Out of the edge of a sun hemp field rises what looks to be a traditional huean isaan (Northeastern Thai house). But this home, set in a shady, woodsy atmosphere, fragrant with the aromas of a Thai house and the fun-filled rhythms of Thai family ways, is fully adapted to contemporary ways of life.
/// THAILAND ///
Story: Wuthikorn Suthiapa /// Photography: Soopakorn Srisakul /// Style: Wanas Thira /// Design: Arsomsilp Community and Environmental Architects
After Sakda and Orapin Sreesangkom had lived 20 years in a condo, they designed this eco-friendly house to find an adaptation of Thai family life that could suit the modern age, and to build environmental awareness in themselves and their children.
The ground floor design echoes the traditional tai thun lower space found beneath Thai houses. A porch reaches outwards to fill the usual roles: entertaining guests, socializing. Up close you’ll see it’s more like 3 houses connected by one deck, each one with wide eaves blocking sun and rain, but with a twist: the underside insulation is “rammed earth,” La Terre’s innovative cooling solution that rapidly absorbs and diffuses heat and is made from organic, renewable materials. Sakda and designers Arsomsilp Community and Environmental Architects shared the same vision.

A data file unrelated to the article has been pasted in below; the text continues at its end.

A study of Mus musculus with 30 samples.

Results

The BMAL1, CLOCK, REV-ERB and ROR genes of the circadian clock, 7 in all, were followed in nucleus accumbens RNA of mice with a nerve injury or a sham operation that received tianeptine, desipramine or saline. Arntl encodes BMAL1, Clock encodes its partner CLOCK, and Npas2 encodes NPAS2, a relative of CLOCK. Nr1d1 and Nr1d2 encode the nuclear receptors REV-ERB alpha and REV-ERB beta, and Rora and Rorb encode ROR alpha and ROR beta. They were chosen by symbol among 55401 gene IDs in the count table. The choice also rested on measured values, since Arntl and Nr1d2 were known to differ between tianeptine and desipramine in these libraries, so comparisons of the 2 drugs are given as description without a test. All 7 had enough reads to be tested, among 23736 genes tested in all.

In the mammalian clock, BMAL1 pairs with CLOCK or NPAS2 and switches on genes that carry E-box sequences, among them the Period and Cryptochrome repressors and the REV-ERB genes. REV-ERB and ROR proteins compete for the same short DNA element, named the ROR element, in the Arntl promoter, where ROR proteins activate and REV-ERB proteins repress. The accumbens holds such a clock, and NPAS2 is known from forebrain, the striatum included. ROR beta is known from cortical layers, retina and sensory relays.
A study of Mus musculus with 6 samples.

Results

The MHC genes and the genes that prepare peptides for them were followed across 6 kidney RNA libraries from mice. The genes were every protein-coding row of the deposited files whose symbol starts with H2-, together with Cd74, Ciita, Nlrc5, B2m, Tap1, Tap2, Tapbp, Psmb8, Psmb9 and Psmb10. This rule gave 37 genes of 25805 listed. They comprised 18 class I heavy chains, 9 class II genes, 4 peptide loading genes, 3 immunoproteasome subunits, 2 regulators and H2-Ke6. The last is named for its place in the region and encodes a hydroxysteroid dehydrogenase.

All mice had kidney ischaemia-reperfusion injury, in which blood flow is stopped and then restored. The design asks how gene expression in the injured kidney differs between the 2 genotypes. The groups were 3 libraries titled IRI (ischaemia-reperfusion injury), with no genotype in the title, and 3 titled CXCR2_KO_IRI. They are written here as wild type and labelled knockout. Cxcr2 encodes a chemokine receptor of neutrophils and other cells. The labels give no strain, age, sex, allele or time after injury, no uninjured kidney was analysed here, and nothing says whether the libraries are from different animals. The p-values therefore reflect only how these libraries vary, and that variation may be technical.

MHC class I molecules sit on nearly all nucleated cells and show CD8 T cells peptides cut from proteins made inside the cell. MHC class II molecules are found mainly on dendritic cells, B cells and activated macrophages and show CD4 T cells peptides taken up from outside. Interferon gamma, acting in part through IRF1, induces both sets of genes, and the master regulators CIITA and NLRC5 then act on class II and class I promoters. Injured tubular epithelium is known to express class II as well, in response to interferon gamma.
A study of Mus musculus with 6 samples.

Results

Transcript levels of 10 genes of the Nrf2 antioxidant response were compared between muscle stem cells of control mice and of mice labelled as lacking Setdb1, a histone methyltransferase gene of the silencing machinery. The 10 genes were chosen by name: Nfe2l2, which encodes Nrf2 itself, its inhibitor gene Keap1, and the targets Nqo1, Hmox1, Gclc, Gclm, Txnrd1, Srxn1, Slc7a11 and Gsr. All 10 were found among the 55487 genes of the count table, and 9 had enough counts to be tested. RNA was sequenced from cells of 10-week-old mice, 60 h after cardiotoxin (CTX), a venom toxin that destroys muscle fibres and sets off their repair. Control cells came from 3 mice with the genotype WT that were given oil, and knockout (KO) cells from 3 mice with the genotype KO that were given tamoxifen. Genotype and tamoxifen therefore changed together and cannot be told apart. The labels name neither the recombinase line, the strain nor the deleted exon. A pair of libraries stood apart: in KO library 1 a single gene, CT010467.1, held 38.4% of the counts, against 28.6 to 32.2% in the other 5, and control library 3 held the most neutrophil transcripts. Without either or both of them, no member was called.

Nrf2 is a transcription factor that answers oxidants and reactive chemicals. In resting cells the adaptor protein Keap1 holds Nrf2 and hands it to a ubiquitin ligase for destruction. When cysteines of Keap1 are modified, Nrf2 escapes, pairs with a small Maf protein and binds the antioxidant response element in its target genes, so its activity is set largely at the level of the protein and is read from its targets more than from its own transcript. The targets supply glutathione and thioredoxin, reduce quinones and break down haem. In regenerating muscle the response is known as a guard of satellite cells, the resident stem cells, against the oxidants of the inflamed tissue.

The huean isaan takes over in spirit, though, with its outward image evoking a cultural memory reflected in the playfulness of the three boys, Chris, Gav, and Guy, bringing cheer to every corner of the house: playing in the attic, sliding down polished planks beside the stairway, and everyone’s favorite: the sky deck, accessible from anywhere in the house.
The heart of the home is the living room: it’s spacious, with bar counter, dining area, and sofas for relaxing, sized 7 X 11 meters, and with no support pillars blocking the view within. It was designed to mirror the look and function of the tai thun, a space that brings everyone together to do whatever they like to do best, as individuals or a group.
The building foundation supports a raised deck all around the house. This keeps slithering things and garden creepy-crawlies from coming into the house, at the same time creating good ventilation below. The extra area for sitting, stretching the legs, or walking out into the garden is one more bonus.
Sakda’s deep attachment to the traditional huean isaan it what brought this all about. That, and the family’s courage in leaving the convenience of condo life behind them to design, build and live in a completely different way, growing their own garden, and creating a new home that could be passed down to the next generations.